Spanish "real democracy" movement and the unions

Submitted by Matthew on 8 June, 2011 - 10:22

The Spanish 15-M movement, called after the starting point on 15 May, is at present passing through a crucial stage. The continuing protests are uncomfortable for Spanish capitalism as it struggles to project an image of bourgeois respectability to the international markets.

But the “Genuine Democracy Now” movement is uncomfortable not only for them. In the offices of the UGT and CCOO (Spain’s largest trade union federations), the movement is also making some nervous.

Since the general strike of 29 September last year, when over 10 million workers downed tools, many on the left have increasingly come to view union bureaucracies as in collusion with those seeking to force austerity on the population.

During the previous general strike, some union officials helped demobilise and water down resistance to the government’s programme of attacks. Pacts were agreed upon on the labour reform package and the raising of the retirement age — with some in the union hierarchy even claiming the latter was “revolutionary”!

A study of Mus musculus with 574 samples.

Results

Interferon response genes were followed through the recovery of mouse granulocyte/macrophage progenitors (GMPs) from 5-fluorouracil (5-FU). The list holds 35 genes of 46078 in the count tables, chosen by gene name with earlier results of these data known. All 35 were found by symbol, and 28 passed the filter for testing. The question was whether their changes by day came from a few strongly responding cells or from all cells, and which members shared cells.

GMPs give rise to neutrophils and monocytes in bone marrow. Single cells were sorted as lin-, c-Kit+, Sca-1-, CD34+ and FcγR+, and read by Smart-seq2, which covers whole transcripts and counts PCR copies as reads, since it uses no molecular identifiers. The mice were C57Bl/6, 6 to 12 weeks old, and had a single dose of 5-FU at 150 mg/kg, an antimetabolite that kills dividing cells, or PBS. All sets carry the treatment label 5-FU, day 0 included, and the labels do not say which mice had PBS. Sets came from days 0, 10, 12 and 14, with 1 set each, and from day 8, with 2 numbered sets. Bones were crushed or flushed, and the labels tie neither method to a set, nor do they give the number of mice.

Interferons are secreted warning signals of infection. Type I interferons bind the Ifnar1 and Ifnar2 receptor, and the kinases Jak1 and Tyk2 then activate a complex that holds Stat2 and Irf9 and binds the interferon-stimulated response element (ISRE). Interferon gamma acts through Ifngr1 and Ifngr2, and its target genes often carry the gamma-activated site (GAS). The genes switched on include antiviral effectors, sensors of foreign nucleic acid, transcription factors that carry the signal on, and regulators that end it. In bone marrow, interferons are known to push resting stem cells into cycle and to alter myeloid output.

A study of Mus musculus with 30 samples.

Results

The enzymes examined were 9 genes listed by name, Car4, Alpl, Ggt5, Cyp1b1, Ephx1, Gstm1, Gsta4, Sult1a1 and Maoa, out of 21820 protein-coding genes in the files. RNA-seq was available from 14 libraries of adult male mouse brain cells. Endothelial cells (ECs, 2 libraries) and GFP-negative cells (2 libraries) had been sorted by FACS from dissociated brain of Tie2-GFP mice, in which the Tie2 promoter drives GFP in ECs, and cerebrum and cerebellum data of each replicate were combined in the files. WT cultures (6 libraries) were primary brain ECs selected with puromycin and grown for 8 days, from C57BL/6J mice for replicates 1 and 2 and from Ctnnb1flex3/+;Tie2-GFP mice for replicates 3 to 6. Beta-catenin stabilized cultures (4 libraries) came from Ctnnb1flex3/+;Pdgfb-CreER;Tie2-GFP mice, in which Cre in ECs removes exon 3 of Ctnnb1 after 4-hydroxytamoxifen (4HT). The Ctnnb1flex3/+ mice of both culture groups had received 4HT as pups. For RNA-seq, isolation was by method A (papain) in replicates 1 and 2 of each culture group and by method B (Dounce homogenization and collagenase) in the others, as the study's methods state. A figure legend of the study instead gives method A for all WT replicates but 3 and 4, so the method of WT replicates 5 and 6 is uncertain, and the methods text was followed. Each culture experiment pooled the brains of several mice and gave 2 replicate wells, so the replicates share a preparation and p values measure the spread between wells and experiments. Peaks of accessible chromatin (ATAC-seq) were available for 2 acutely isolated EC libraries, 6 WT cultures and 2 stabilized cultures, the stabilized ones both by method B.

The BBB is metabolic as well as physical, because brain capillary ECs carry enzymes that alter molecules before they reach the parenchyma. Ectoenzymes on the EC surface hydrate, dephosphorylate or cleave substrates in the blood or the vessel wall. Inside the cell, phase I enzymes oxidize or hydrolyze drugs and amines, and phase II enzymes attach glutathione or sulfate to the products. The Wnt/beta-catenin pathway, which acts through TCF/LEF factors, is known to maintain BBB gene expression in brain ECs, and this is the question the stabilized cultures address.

Like the trade unions, the Stalinist left, with its history of shady deals with capitalist parties, has also come to be seen, as one protester remarked, as “part of the furniture of capitalist society”.

The protesters themselves have faced accusations that they are apolitical.

In response they released a manifesto on the 18 May, declaring “we have lost respect for the main political parties, but we have not lost our ability to criticise. On the contrary we are not afraid of politics. To express an opinion is politics. To look for alternative ways to participate is politics”.

Encouragingly, the manifesto also identified those responsible for the capitalist crisis: “the IMF, the European Central Bank, the European Union, the credit rating agencies like Moody’s and Standard and Poor’s, the Popular Party and the Spanish Socialist Workers’ Party [Jose Luis Rodriguez Zapatero’s ruling party].”

A start, but still a long way from any kind of clear political answers. Nonetheless, the movement deserves solidarity.